I had the pleasure of participating in a conference call with Mets manager Terry Collins on Tuesday night. I didn’t get home in time to record the entire call, so you may want to check out MetsBlog, which has posted an abbreviated transcript if you’d like to hear the full Q & A.
My planned question was whether Collins planned to use Francisco Rodriguez in high-leverage situations earlier than the 9th inning, since the Sandy Alderson regime includes sabermetrics in their evaluation and there is SABR-conducted data suggesting that such application could be better use of a lights-out closer. However, my friend Matthew Artus of Always Amazin’ beat me to it (nicely done, Matt). Collins’ answer to it was , “I doubt you’ll see Francisco in the seventh inning”. Collins went on to explain that, essentially, he would mostly use K-Rod in the traditional role of pitching the ninth inning. Though, he did admit that sometimes Rodriguez might be considered for an out or two in the 8th inning, and might be used for two innings at a time on occasion — though that would be rare and an “inning and a third might be his maximum”. He also referred to Tony LaRussa’s plan of using a closer strictly in games when he had a lead — so we’ll see if Collins follows that pattern.
With that answered, I scrambled to think of another question; it and Collins’ answer follow.
Me: I have a question about the Mets’ offensive strategy this season. You have a couple sluggers who can hit the ball over the fence, but you have a big home park that is not conducive to the long ball, you have a lot of speed at the top of the lineup, so I’m curious to know your philosophy and strategy is, as far as utilizing stolen bases, bunts, small-ball type strategy, and how you’re going to approach that this year.
Well obviously every game is different, Joe, and you’ve got to manage the game according to the situation, according to where you’re playing. I mean there’s days not only in Citi Field but you’re playing in Chicago with the wind blowing in where fly balls are routine outs, and so you have to change some of your philosophies. We had a situation today where we ran the bases, we created some runs, and yet we ran ourselves out of an opportunity to score an extra run. But we’ve got to be smart about it, we’ve got to use Citi Field to our advantage — we’re the team that plays there. We have to understand that look, that double in the centerfield gap can score as many runs as perhaps a solo homer can do once in a while — but it’s a heckuva lot easier to hit balls in that gap than it is to hit the ball out of the ballpark. So you know we’ve got to adjust according to conditions on certain days. Do I? Yeah, small ball, yeah, I truly believe in sometimes playing some small ball. I think that you know, you keep putting that pressure on that defense, if they have to make a play, and eventually they’re going to make a mistake and you’re going to score an easy run. But I still believe that it’s all about, all according to what the game situations are, and perhaps where you’re playing, and the conditions under which you’re playing them.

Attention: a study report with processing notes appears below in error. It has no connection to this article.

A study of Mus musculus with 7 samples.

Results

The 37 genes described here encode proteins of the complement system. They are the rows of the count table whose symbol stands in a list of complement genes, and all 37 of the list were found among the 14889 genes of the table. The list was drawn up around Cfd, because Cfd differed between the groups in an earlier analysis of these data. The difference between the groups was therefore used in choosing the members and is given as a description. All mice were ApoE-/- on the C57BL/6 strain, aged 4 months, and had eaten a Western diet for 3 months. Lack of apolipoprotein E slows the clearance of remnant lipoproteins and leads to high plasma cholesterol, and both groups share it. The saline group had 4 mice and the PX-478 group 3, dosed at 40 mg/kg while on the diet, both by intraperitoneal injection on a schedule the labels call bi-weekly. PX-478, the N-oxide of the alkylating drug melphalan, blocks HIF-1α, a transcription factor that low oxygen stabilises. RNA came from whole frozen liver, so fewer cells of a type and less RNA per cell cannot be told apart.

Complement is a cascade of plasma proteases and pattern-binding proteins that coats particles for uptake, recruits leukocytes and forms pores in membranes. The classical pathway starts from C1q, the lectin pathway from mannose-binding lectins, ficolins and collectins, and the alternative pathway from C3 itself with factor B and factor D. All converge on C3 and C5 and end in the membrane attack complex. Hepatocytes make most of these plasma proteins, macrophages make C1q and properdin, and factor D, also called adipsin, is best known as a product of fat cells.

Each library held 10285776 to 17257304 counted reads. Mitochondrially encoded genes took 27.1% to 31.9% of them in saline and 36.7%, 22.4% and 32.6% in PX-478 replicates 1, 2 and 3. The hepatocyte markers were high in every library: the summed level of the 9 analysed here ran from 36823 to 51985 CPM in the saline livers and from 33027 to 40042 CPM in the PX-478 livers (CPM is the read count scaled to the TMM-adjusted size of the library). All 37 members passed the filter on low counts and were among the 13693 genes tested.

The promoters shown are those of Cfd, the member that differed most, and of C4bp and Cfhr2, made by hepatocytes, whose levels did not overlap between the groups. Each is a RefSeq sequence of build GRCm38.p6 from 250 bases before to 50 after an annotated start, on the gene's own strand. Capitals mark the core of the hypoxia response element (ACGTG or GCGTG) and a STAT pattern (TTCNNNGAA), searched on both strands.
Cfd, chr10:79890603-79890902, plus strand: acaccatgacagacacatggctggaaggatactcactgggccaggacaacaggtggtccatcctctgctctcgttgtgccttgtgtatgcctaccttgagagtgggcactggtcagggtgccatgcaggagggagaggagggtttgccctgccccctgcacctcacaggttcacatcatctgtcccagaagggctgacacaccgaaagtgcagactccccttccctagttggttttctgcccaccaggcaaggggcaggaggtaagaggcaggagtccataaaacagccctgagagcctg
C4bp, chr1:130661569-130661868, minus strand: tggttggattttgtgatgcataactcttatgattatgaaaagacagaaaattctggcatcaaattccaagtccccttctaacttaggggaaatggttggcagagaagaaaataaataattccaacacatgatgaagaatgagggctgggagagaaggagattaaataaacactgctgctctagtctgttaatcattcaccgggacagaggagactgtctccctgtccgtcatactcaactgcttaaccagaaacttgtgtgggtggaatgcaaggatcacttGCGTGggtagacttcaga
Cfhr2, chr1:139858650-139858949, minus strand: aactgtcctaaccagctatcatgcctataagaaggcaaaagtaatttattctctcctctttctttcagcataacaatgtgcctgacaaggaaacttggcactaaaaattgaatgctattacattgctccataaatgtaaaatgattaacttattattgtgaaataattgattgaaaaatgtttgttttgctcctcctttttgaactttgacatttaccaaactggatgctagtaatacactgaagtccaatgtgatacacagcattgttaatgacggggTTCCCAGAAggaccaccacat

A mildly interesting answer, considering that Sandy Alderson, Paul DePodesta, and J.P. Ricciardi supposedly eschew the risky, out-throwing tactics of small-ball. Personally, I agree with Collins — sometimes small ball is necessary, no matter what the statistics suggest, specifically in the non-DH National League and particularly in the post-PEDs environment, where pitchers are gradually re-gaining some of the advantage they enjoyed before Bud Selig wound the ball tighter, shrunk the strike zone, eliminated inside pitches, encouraged short fences, allowed steroids, and did everything else possible to unnaturally increase home runs and batting averages. With homeruns and hits less frequent, sometimes a manager has to take some risks and be more creative to get players to cross home plate. That doesn’t mean you bunt every runner to second base, but it also doesn’t mean you completely eliminate bunting, stealing, and hit and runs, either.
About the Author
Joe Janish began MetsToday in 2005 to provide the unique perspective of a high-level player and coach -- he earned NCAA D-1 All-American honors as a catcher and coached several players who went on to play pro ball. As a result his posts often include mechanical evaluations, scout-like analysis, and opinions that go beyond the numbers.